Plant Drawing Botany Laboratory Drawing Make Botany Laboratory Drawing

Laboratory drawings are a very important part of botany laboratory work and for botany studies as a whole. In order for a student or botanist to describe the level of understanding of the plant specimen, the laboratory drawing has to reflect the depth of study and clarity. While drawings can be a nightmare for those who are not inclined to drawing, an understanding of drawing techniques helps one make laboratory drawings for botany specimen with ease. 

The primary rule to be followed:  As opposed to other artwork, it is not the artistic approach that gets the work approved, but rather the clarity, clear-cut lines and fine definition of outlines with labeled diagrams.  The drawing should be as simple as possible so that it describes the study with just a single glance. 

• Instruments and drawing tools:

Before a drawing can be made, there are a few basic requisites that have to be prepared in advance.  They are (in random order):

– drawing sheet(s) most often of standard A4 size.  Special botany laboratory drawing sheets are available in bulk for this purpose. 

– x-ray film / glass slab  the size of the drawing sheet or bigger

– micro-tip pencil of hardness 4H -6H and size 0.5mm lead.  Soft pencils are not to be used. 

– Eraser

– Ruler with standard grading

– If a regular pencil is used, use very fine sand paper for sharpening the point to a fine tip. 

– Text for reference and clarification

– Microscopic tools for identification

•  Preparation:

When one is to undertake a drawing of the botany laboratory specimen, a prior in-depth study of the material has to be done.  For whenever possible, keep the text at hand for reference, to be used only when in doubt.  At other times, one has to rely on ‘spot identification’ for drawings as how one observes it. 

•  Size of drawings:

Botany laboratory drawings should be fairly large and clear.  Beginners usually make the mistake of making small drawings which are not very expressive, thereby making, especially cell structures, look cramped or inconspicuous. 

•  Page orientation and layout of drawing:

The page view follows the portrait orientation with the punched holes for filing purpose on the left.  An entire border around the page is optional with the left margin of the border about an inch from the page edge, no less, while the rest of the margins of no specific proportions from the edges, yet neat.  The name of the drawing owner is to be at the top right hand corner, followed by the date below it.  The title of the drawing is centralized most often, though some follow the system of the title at the left corner above the owner’s name. This is applicable when there is only one drawing per page. The drawings should be about an inch  away from the left margin and drawn to a fairly large size. Keep space on the right of the drawing for labeling.  Drawings should be neatly labeled on the right with straight, horizontal lines as possibly can. Label in neatly written ‘Capital’ letters only.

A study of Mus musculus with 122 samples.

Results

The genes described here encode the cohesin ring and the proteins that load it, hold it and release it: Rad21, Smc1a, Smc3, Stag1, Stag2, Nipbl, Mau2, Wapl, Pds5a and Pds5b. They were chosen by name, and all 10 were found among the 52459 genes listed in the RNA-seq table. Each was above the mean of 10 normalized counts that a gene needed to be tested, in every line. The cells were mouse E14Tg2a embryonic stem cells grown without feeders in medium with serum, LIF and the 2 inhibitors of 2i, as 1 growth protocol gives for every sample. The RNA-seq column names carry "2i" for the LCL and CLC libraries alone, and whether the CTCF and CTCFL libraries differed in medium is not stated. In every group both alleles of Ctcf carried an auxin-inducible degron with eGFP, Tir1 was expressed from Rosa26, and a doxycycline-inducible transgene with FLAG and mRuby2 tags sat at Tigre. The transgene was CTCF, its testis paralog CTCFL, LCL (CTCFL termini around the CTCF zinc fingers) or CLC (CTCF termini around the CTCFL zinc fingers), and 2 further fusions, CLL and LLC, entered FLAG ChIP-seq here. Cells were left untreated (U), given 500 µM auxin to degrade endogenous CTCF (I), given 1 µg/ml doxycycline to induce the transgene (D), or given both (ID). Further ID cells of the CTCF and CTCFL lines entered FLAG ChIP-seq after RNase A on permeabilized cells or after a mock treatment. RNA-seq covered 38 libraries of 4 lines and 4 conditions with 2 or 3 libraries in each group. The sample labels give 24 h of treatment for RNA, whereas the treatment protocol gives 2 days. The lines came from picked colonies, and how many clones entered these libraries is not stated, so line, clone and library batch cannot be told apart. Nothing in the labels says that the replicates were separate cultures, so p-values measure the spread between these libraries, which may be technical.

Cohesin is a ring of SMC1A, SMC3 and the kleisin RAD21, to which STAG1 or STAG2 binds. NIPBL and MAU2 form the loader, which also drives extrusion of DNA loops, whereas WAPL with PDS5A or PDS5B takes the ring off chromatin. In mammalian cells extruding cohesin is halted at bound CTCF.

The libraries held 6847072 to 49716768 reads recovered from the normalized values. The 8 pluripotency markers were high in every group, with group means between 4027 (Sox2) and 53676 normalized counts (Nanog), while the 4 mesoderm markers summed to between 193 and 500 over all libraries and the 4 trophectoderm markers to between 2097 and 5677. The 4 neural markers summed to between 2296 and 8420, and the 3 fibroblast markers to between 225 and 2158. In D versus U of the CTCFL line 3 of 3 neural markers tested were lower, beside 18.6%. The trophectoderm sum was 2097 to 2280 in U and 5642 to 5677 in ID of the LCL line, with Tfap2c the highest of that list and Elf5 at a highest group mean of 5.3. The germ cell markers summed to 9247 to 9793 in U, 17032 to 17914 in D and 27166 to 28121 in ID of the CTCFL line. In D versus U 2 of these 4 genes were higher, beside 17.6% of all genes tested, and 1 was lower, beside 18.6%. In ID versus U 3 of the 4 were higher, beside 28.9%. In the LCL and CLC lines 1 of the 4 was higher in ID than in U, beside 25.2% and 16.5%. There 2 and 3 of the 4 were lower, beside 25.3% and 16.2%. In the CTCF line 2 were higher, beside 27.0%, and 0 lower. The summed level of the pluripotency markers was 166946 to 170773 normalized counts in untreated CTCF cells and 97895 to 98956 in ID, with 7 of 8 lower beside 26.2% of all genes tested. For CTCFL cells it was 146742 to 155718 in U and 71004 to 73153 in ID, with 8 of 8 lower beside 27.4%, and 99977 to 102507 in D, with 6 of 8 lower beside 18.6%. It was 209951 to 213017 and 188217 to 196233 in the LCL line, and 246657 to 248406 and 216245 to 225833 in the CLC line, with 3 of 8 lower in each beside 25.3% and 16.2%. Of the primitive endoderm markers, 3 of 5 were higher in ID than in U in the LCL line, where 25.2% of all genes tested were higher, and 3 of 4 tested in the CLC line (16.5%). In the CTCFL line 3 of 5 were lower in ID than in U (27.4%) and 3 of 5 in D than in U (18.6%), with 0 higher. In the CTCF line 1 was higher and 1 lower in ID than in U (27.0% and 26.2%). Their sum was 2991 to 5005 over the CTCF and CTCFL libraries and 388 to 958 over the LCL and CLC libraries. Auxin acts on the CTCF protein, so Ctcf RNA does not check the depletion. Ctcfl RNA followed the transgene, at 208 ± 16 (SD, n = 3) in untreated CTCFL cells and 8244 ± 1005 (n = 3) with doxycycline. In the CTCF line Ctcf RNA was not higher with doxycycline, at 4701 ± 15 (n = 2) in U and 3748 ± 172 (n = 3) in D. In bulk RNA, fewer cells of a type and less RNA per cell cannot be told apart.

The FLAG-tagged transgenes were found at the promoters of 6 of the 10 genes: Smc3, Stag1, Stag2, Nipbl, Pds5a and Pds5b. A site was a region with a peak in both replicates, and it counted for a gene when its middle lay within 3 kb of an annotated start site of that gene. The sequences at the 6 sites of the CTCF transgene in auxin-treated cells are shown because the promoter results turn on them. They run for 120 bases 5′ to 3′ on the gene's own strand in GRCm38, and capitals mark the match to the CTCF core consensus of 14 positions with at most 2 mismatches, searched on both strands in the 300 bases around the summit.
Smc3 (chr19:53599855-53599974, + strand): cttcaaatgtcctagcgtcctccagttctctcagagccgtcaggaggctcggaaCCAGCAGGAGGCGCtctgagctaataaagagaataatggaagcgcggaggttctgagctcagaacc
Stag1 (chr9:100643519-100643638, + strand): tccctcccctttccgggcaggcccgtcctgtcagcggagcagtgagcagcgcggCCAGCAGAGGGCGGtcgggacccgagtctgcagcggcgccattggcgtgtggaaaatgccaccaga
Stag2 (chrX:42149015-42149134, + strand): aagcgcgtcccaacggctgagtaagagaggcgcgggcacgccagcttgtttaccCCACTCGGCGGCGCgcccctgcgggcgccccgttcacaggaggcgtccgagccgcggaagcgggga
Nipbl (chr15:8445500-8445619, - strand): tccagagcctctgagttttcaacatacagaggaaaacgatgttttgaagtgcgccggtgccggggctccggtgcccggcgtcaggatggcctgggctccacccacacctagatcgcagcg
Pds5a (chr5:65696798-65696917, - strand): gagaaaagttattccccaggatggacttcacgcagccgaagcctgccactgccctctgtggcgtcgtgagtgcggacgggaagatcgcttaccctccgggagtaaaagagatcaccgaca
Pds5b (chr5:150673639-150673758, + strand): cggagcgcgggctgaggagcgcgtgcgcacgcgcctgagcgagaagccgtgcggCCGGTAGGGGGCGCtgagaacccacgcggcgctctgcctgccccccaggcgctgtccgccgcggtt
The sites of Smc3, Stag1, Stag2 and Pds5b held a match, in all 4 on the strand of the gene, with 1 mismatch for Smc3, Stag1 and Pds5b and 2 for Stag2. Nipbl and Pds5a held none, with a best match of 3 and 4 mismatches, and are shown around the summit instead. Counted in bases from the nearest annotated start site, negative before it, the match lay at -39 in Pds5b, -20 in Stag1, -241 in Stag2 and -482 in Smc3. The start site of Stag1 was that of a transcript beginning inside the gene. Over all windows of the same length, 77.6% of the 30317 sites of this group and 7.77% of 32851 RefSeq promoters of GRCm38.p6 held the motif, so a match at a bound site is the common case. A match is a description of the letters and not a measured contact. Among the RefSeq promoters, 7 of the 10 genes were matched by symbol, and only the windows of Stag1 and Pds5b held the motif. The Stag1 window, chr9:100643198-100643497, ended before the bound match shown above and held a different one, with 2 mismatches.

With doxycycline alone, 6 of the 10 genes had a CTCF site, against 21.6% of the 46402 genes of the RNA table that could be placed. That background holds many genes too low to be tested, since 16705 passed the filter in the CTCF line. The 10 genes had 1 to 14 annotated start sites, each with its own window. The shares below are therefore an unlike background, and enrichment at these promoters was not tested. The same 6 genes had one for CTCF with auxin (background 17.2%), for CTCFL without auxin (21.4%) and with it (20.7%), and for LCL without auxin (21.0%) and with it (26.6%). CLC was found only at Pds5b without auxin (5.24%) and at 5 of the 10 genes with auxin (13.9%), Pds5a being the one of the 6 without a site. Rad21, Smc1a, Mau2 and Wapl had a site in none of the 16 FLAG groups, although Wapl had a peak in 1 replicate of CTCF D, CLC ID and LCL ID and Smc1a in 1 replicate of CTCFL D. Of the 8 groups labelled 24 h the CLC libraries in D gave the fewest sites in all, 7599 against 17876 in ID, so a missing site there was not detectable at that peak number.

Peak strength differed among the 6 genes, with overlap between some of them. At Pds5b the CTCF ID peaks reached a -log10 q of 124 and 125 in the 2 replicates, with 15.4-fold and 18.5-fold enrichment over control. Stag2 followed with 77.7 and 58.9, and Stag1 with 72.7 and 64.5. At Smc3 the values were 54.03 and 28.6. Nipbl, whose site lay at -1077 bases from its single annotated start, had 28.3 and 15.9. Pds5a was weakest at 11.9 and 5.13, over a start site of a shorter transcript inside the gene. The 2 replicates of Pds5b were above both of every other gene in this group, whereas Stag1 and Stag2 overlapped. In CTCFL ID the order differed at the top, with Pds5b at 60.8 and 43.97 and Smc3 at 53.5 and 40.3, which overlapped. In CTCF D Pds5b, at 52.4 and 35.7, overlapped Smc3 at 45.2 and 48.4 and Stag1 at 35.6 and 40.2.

• The actual drawing: 

Before drawing, place the sheet of drawing paper on the x-ray film or glass sheet so that drawings don’t form depressions in the page and become difficult to erase. Drawings should be in faint, broken lines as one identifies the specimen.  Dark lines are not to be drawn initially.  The student has to find a comfortable way to compare sizes, as in length versus breath and  positioning of certain aspects within the drawing.  Once a faint outline has been formed, erase over this lightly so as not to remove the entire trace outline, but to enable visibility yet neatness for doing the final drawing.  

When the final laboratory drawing is to be made, use clear, single stroke and continuous hand motion for the drawing.  Do not repeat or draw over. Small strokes of back and forth motion make for untidy, careless and obscure botany laboratory work.  Lines have to be sharp and well defined. Only lines that are required for the specimen identification purpose has to be in the drawing.  No other artistic touch-up is to be added.  Again a repetition:  This is not art-work for the purpose of admiring, but rather a translation of the microscopic and laboratory study of the botany specimen. 

In conclusion, bear in mind that neatness is a mandatory part of good botany laboratory drawings.  That means that not only the page has to be be clean, but also ensure that your hands are always clean when setting out to draw. Cutting and studying of the plant specimen should be done prior to drawing so as not to have interruptions in drawing which can get messy. 

These are some of the basic rules when one is to make good laboratory drawings for botany studies.  Following these rules will prove beneficial and resourceful for quick drawings. 


Pandey B.P., Modern Practical Botany, S. Chand & Co (Pvt) Ltd., 1988, New Delhi, India.